APM Research Lab, APM Reports’ Educate, Hechinger Report gauge national opinion on government funding, assistance for colleges

Most Americans aren’t aware of decreased government funding for public colleges and universities within the past decade.

ST. PAUL, Minn., Feb. 26, 2019 – The APM Research Lab has released the findings for a survey which asked Americans about their awareness of public college and university funding, as well as the price tag to attend these institutions.

Created from a collaboration between the APM Research Lab, APM Reports’ Educate podcast, and The Hechinger Report, the survey asked participants’ opinion on the cost of four-year college, their awareness of government funding for public colleges, and whether they support free tuition to public colleges for those qualified to attend.

Despite decreased government funding for public colleges and universities and rising tuition over the past decade, the survey reveals that a majority of adults don’t realize government investment in colleges has gone down. Overall, those who had completed a bachelor’s degree, Democrats, and those with annual household incomes of at least $75,000 were the only groups where at least one-third of respondents knew that government funding has generally declined over the past 10 years.

“Given the importance of higher education as a public policy issue, it is concerning how few Americans know some of the basics,” said Craig Helmstetter, managing partner at APM Research Lab. “Less than half know that government grants and loans have fallen behind the cost of tuition, and less than one-third know that that governmental funding for public institutions has generally decreased over the past decade.”

Additional key findings include:

  • While 34 percent of U.S. adults think government funding for public colleges and universities has stayed the same, 27 percent think it has increased. At the same time, 44 percent of U.S. adults think government aid for college and universities has fallen behind the price of tuition.
  • Half or more of the following groups knew that aid has fallen behind the price of tuition: those with at least a bachelor’s degree, those with annual household incomes of at least $75,000, those who identified as non-Hispanic Black, and Democrats.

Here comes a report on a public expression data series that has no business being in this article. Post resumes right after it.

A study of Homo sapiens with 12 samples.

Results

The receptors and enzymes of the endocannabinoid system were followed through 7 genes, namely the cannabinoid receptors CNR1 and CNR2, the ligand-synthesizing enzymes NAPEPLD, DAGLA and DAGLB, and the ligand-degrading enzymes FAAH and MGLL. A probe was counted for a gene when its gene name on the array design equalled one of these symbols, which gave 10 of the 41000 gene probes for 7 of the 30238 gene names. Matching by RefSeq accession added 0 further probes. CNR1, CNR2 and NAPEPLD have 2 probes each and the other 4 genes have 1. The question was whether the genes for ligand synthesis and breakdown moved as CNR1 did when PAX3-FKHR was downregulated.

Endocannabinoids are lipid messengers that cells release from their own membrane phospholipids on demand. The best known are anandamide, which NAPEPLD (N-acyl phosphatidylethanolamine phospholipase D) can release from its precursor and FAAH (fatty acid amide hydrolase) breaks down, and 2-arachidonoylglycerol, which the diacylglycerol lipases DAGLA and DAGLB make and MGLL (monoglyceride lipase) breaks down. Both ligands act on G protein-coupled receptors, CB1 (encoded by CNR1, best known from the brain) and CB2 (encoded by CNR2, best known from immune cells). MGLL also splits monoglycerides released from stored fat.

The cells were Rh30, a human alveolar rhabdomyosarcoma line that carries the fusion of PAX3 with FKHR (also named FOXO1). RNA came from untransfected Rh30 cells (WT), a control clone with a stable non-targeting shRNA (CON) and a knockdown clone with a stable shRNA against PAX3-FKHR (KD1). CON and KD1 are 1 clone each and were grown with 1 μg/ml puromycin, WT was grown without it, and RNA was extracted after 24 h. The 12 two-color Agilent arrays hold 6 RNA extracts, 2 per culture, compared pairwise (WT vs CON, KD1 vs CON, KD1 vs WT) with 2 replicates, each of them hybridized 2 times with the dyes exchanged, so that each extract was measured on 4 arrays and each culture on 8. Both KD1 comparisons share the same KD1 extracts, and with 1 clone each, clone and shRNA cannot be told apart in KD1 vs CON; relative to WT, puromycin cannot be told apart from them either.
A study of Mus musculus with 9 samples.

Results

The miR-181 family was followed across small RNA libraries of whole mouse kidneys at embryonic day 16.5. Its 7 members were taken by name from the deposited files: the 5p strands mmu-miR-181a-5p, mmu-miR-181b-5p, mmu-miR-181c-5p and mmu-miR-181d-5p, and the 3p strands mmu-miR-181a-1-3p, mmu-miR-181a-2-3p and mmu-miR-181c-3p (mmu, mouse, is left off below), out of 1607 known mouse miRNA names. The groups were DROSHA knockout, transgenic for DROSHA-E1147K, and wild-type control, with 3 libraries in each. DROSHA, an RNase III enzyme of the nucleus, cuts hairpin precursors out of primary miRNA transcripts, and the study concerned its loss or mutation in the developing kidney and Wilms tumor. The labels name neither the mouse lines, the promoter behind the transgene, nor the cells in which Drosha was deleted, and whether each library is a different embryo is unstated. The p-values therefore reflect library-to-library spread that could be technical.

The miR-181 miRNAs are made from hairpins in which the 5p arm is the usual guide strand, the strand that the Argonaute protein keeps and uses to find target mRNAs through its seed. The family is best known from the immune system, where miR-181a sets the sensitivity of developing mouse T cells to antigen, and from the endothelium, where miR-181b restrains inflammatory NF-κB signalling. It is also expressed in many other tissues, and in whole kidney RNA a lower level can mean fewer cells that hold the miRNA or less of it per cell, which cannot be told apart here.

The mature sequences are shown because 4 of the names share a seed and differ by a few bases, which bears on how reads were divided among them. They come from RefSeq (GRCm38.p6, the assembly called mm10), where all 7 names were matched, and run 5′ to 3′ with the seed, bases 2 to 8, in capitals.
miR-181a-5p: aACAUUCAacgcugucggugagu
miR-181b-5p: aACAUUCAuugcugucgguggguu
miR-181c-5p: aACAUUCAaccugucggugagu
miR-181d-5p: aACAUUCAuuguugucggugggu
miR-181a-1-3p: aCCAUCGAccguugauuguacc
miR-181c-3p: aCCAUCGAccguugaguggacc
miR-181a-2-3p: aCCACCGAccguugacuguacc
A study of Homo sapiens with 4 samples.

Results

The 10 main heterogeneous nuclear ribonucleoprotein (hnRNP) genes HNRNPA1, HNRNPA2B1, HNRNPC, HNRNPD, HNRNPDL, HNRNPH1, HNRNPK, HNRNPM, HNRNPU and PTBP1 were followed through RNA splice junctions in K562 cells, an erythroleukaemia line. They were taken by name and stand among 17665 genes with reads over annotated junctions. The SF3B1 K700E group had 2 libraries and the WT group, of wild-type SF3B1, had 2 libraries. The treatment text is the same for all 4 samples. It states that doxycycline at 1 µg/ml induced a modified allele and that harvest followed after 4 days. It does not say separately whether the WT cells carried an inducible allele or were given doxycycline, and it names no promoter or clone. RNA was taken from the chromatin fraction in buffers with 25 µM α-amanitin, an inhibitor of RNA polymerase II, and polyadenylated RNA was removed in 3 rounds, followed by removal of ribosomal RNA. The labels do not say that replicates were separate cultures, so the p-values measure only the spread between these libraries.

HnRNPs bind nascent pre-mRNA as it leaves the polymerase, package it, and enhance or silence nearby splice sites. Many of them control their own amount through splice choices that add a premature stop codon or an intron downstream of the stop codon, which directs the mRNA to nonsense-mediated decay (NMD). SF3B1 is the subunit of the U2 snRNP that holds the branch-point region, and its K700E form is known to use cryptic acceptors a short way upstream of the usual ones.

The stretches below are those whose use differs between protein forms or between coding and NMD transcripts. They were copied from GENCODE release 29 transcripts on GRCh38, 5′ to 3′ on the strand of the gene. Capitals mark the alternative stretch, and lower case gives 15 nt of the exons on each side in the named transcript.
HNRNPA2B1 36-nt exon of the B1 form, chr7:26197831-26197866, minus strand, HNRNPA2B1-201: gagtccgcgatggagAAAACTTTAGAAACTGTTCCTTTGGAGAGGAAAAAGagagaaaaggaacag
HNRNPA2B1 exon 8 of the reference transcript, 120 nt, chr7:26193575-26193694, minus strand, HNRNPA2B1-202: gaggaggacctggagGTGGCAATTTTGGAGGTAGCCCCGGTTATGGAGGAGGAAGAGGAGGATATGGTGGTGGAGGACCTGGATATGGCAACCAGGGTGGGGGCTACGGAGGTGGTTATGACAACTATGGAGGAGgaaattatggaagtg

• Americans are more likely to support than oppose free tuition for public universities and colleges for qualified applicants. Nearly three-quarters support the idea, while only one-quarter are opposed.
  • Overall, the majority of Americans feel the cost of college is worth the investment, with 58 percent feeling this way, while 36 percent say the cost is not worth it.

The APM Research Lab is a member of the American Association for Public Opinion Research’s Transparency Initiative, committed to open and transparent reporting of survey methods and findings. Authored by Craig Helmstetter and researcher Kassira Absar of the APM Research Lab, this survey was funded through internal resources and was not conducted on behalf of or in conjunction with any other entity or initiative.

The nationally representative survey was conducted via telephone, 60 percent via cell phone and 40 percent landline, with 1,003 adult Americans, between Nov. 27 and Dec. 2, 2018. The survey’s overall margin of error is +/-3.6 percentage points at the 95 percent confidence level.

Additional details about survey methodology can be found here.


About the APM Research Lab
The APM Research Lab is a division of American Public Media aimed at informing the public by producing credible research- and analysis- based content. The Research Lab conducts research projects of all types — surveys, demographic analyses, literature reviews, and more — and informs the work of partner organizations and the broader public through traditional reports, as well as infographics, blog posts, interactives, presentations, and other platforms. For more information, visit apmresearchlab.org

About APM Reports
APM Reports, formed in November 2015, is a collection of investigative journalists and documentary producers, editors, data reporters, researchers and digital producers dedicated to producing high-quality reporting on issues that are often hidden from public view. At the heart of every APM Reports investigation lies a critical question — about powerful institutions and people, injustice and accountability – that deserves an unflinching commitment to finding answers in the public’s best interest. Visit apmreports.org for more.